Who doesn’t love that feeling of sending out a delicious invoice for work well done? Those dollar signs are your best friends! But is there something on that invoice that’s doing you more harm than good? If it’s a net 30 invoice, there might be.
Most freelancers create their first contracts and invoices without much idea of what they’re doing (myself included). As a result, many choose net 30 payment terms because they know net 30 is common in the business world so they shrug and say, “This’ll work” (again, guilty). Well, when you learn better, you do better, and this is where you learn why net 30 isn’t a freelancer’s friend.
What is Net 30 Payment Terms?
First, so we’re all on the same page, “net 30” payment terms means the payment is due 30 calendar days after you send the invoice. Essentially, you extend credit interest free for the client for a month.
Why Freelancers Should Avoid Net 30 Agreements
Simply put, 30 days is a long time before the client needs to pay the invoice. It might work for more structured and established companies but that timeline presents several problems for freelancers.
Cash Flow Issues
Net 30 is common in B2B sales because traditional companies are structured to have reserves available. They typically operate on more fluid income or payment schedules after delivering their goods or services.
As a freelance business, though, you’re running a household. Freelancers tend to have tighter schedules of bills to pay with fewer reserves. Even an early payment that arrives three weeks after you dedicate your valuable time to a project can be too late depending on your bills’ due dates.
Time for Problems to Arise
A lot can happen in 30 days. Your client’s business can take a downturn so they can no longer pay what they owe you. The client could simply decide they no longer like the price they agreed to and choose to play hardball. Sure, you should win out in the end if there’s a signed contract, but no one wants the added headache regardless of how it ends up.
The shorter timespan there is between making the agreement and requiring payment, the less can go wrong between that time. This includes the time between your invoice and the payment’s due date.
Long Delay for Repercussions
I like to expect the best from people, but we all know some clients enter agreements with no intention of paying. We all hope to spot red flags and weed out those scammers instead of working for them but it’s always a possibility.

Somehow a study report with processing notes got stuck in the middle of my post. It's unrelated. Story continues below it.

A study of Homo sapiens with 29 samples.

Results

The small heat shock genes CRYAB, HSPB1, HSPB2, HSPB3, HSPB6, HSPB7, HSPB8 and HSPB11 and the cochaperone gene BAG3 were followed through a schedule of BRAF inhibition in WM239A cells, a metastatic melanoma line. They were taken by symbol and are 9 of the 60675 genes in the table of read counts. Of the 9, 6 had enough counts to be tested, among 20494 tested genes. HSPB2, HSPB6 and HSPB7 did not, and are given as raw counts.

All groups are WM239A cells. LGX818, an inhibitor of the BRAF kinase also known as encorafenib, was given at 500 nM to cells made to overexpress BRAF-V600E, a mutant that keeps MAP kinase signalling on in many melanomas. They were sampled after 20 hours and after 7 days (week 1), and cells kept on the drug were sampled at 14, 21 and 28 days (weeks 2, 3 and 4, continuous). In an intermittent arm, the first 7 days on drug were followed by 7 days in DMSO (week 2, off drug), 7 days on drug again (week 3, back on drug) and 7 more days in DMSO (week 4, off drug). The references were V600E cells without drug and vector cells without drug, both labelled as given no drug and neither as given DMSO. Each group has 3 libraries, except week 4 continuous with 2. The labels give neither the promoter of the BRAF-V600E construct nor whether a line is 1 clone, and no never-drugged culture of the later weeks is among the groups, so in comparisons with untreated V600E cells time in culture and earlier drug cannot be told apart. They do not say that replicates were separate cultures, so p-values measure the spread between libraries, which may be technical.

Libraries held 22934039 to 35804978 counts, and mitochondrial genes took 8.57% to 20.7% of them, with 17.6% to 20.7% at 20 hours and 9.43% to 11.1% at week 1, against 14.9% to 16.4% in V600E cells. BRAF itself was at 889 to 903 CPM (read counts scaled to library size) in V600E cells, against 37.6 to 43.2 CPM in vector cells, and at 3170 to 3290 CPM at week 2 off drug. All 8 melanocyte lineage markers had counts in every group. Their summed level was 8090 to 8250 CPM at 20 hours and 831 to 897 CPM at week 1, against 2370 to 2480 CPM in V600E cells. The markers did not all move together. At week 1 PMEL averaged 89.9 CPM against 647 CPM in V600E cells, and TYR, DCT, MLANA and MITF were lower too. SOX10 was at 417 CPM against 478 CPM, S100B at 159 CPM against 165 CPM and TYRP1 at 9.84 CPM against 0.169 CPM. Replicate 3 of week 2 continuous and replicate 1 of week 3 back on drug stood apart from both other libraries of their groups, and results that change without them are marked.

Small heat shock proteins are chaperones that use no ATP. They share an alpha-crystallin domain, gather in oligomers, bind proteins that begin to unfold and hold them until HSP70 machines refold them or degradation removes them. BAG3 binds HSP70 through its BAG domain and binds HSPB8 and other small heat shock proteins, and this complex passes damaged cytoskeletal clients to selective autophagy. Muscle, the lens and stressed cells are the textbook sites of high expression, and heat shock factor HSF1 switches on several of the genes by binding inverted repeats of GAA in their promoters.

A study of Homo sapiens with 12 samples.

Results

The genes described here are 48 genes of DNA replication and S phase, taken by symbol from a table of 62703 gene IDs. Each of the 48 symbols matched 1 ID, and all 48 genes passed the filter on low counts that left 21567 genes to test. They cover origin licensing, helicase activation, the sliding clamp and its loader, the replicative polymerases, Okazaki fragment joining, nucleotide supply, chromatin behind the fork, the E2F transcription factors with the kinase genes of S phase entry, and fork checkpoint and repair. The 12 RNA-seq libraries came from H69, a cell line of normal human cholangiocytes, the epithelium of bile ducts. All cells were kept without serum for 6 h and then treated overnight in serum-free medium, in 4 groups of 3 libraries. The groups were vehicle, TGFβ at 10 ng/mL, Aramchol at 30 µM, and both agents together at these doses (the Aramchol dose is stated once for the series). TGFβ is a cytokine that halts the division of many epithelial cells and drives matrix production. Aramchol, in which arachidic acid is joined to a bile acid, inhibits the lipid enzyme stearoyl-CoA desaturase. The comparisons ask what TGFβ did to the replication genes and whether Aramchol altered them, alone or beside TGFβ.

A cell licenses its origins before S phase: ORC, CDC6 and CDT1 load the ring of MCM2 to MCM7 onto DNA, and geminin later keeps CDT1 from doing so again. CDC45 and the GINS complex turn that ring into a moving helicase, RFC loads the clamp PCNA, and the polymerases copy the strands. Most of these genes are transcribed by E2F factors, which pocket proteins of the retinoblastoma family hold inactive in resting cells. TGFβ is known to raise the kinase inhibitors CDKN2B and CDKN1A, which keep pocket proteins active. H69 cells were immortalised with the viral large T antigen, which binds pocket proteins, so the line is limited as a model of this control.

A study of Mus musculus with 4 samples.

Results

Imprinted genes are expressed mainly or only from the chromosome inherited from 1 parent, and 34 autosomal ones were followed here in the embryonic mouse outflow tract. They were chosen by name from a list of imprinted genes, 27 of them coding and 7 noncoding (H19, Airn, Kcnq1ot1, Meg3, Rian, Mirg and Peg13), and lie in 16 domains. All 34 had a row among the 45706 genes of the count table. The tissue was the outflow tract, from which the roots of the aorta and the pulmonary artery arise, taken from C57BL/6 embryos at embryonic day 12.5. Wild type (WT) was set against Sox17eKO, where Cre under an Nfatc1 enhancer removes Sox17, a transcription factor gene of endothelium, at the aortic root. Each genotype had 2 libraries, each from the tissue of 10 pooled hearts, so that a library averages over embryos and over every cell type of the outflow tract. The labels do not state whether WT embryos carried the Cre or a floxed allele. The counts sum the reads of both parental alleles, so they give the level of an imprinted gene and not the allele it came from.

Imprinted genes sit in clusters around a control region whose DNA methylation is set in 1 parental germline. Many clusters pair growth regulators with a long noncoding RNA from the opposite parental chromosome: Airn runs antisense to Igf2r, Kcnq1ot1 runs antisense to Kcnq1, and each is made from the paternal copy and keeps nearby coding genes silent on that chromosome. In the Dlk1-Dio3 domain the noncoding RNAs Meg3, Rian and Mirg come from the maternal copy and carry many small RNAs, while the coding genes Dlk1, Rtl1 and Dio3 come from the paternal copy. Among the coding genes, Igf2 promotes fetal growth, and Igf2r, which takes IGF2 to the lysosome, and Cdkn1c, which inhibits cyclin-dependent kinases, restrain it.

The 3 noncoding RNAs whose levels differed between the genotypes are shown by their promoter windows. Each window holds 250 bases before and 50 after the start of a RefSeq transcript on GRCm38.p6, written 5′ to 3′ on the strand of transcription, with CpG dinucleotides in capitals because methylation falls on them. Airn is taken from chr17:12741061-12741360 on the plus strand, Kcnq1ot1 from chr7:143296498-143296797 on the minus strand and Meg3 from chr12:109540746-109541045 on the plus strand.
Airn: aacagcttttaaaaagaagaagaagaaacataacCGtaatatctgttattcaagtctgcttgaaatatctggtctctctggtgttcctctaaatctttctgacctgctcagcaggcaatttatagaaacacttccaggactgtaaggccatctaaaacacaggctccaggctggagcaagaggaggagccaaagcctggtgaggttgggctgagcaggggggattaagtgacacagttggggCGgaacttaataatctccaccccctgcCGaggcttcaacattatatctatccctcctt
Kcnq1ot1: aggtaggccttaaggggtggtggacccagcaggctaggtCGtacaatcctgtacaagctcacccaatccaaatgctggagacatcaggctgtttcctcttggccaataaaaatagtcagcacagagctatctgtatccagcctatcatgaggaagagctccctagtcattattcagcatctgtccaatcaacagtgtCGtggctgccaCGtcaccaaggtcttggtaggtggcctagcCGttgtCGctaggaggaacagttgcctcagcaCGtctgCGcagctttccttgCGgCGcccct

If your contract has net 30 payment terms, you can’t even begin taking action to get the money until that month is over. That includes sending debts to collections and charging interest on overdue amounts. Sometimes you could sue them in small claims court before those 30 days but only if they’ve explicitly stated that they won’t pay you.
Remember: Payment Terms are Variable
This is something few people talk about so it’s worth stating. You don’t have to give the same payment terms to every client.
We all have come clients who consistently pay right away and others we don’t trust so much. It’s well within your rights to offer net 14 or net 20 invoicing payment terms to trustworthy clients with shorter timeframes to the sketchier few. After all, payment terms essentially offer short term credit, so there’s no need to give that credit to someone who doesn’t pay on time.
Standing Up for Your Business
In all honesty, for many freelancers, the toughest part when they start out is learning how to advocate for themselves. It’s not an easy skill, and even after years of solopreneurship. Many freelancers still struggle. It becomes easier with practice but remember this: you’d expect to be paid on time by an employer, so don’t accept any less from clients either. Choosing your payment terms well is an important part of protecting your budding business’s financial stability.
Whatever timeline you and your client agree on, Indy’s got you covered when it comes to getting paid. Not only does Indy utilize methods like PayPal, Zelle, and Stripe, but offers free Stripe and PayPal fee calculators that will show you the expected fee for an invoice and what you should charge to make sure you’re not paying for it.